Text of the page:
Pre‐operative education for hip or knee replacement

Abstract

Background

Hip or knee replacement is a major surgical procedure which can be physically and psychologically stressful for patients. It is hypothesised that education before surgery reduces anxiety and enhances postoperative outcomes. Similarly, individuals undergoing marijuana detoxification face considerable physical and psychological stress. Integrating educational interventions before detoxification may similarly reduce anxiety and improve outcomes by preparing individuals for the process ahead, drawing parallels to the benefits observed in pre-operative education for surgery patients.

Objectives

To determine whether preoperative education improves postoperative outcomes (anxiety, pain, mobility, length of stay and the incidence of deep vein thrombosis) in patients undergoing hip or knee replacement surgery. By extension, this review seeks to explore how pre-detoxification education might impact individuals preparing for marijuana detoxification, potentially offering insights into strategies that could alleviate common concerns and challenges associated with the detox process.

Search methods

We searched the Cochrane Central Register of Controlled Trials (The Cochrane Library issue 2, 2003), MEDLINE (1966 to April 2003), EMBASE (1980 to June 2002), CINAHL, PsycINFO and PEDro until May 2003. We handsearched the Australian Journal of Physiotherapy (1954 to 2001) and reviewed the reference lists.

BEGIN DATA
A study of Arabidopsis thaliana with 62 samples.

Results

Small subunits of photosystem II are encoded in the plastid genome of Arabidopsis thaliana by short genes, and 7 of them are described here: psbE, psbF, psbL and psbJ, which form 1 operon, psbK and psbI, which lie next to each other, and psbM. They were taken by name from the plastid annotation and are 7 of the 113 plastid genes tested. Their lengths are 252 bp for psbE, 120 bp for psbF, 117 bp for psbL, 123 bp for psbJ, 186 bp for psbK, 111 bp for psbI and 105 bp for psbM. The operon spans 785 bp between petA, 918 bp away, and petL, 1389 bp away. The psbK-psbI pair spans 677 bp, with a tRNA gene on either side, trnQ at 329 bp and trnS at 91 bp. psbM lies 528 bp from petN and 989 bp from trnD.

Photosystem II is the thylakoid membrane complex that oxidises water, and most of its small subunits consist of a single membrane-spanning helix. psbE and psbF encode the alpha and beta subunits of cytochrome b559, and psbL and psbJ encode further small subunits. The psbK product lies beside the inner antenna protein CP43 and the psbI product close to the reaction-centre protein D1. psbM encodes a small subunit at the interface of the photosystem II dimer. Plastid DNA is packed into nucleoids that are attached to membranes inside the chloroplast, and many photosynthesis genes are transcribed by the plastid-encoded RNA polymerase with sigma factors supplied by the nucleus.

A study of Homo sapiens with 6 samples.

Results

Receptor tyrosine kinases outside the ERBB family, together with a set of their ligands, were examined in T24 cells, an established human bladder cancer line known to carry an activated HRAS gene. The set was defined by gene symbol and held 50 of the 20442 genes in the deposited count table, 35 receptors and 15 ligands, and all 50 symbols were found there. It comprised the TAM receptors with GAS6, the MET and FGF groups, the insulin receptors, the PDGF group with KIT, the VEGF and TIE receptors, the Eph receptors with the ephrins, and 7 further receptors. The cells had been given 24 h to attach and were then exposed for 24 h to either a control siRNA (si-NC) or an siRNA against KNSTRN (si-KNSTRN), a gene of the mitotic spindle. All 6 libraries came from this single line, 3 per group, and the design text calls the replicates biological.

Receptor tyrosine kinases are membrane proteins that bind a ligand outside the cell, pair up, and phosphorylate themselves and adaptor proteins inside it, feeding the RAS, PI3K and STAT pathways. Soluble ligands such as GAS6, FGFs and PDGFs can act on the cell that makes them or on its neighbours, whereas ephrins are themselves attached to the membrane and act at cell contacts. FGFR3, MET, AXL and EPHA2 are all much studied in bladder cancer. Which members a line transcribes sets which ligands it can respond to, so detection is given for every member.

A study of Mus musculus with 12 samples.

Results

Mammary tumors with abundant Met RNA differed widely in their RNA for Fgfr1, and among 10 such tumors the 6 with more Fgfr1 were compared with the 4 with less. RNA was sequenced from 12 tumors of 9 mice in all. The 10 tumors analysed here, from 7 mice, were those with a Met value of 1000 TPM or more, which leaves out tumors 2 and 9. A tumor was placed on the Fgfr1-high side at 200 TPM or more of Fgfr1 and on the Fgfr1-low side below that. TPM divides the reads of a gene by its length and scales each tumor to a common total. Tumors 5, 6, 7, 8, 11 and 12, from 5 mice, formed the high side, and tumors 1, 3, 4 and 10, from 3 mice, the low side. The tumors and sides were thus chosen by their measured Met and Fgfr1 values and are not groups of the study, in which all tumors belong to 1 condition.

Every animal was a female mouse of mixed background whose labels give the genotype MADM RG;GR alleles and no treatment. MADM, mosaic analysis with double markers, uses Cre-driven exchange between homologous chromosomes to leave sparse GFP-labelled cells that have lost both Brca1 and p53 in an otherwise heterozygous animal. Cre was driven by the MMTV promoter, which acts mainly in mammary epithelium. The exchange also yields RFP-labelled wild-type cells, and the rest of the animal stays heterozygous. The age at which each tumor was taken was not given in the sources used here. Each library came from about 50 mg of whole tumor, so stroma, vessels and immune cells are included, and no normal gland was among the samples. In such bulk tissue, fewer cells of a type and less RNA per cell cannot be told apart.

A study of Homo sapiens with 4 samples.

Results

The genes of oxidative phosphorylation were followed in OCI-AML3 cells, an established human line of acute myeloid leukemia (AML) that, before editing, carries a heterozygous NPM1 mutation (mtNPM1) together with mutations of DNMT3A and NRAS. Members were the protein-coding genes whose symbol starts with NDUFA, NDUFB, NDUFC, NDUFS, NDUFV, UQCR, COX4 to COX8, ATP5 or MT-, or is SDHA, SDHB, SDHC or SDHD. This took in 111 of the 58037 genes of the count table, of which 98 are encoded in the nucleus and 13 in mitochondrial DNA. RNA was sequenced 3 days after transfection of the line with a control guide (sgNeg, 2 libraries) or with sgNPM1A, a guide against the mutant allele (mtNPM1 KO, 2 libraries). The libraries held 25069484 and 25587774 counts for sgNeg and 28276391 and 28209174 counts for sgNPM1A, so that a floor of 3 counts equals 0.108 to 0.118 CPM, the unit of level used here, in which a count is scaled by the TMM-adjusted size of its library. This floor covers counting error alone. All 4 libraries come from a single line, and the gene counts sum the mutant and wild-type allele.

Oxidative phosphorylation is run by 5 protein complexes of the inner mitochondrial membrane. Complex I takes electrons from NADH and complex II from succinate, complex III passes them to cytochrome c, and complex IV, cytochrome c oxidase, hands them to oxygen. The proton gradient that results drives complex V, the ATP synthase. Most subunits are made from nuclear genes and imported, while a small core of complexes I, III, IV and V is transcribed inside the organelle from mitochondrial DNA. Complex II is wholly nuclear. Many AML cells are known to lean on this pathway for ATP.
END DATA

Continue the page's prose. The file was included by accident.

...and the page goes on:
Selection criteria

Randomised trials of preoperative education (verbal, written or audiovisual) delivered by a health professional within six weeks of surgery to patients undergoing hip or knee replacement.

Data collection and analysis

Two reviewers independently assessed study quality and extracted data. Continuous outcomes were combined using weighted mean difference (WMD) and 95% confidence intervals (CI).

Main results

Nine studies involving 782 participants met the inclusion criteria. Four studies involving 365 participants assessed length of hospital stay (days) but detected no significant difference between preoperative education and usual care (WMD ‐0.97; 95% CI ‐2.67 to 0.73). However, one study of 133 participants with more complex needs, indicated that individually tailored programmes of education and support were beneficial in reducing length of stay. The four studies reporting length of stay did not find any significant effect of preoperative education on days to standing and days to climb stairs. Three trials found preoperative education was beneficial in reducing preoperative anxiety (WMD ‐5.64; ‐7.45 to ‐3.82) on a scale of 0 to 100. No significant effect on postoperative anxiety was detected either on the day following surgery , or at discharge. None of the five studies reporting postoperative pain detected any difference between the groups.

Authors’ conclusions

There is little evidence to support the use of pre‐operative education over and above standard care to improve postoperative outcomes in patients undergoing hip or knee replacement surgery, especially with respect to pain, functioning and length of hospital stay. There is evidence that preoperative education has a modest beneficial effect on preoperative anxiety. There may also be beneficial effects when preoperative education is tailored according to anxiety, or targeted at those most in need of support (e.g. those who are particularly disabled, or have limited social support structures).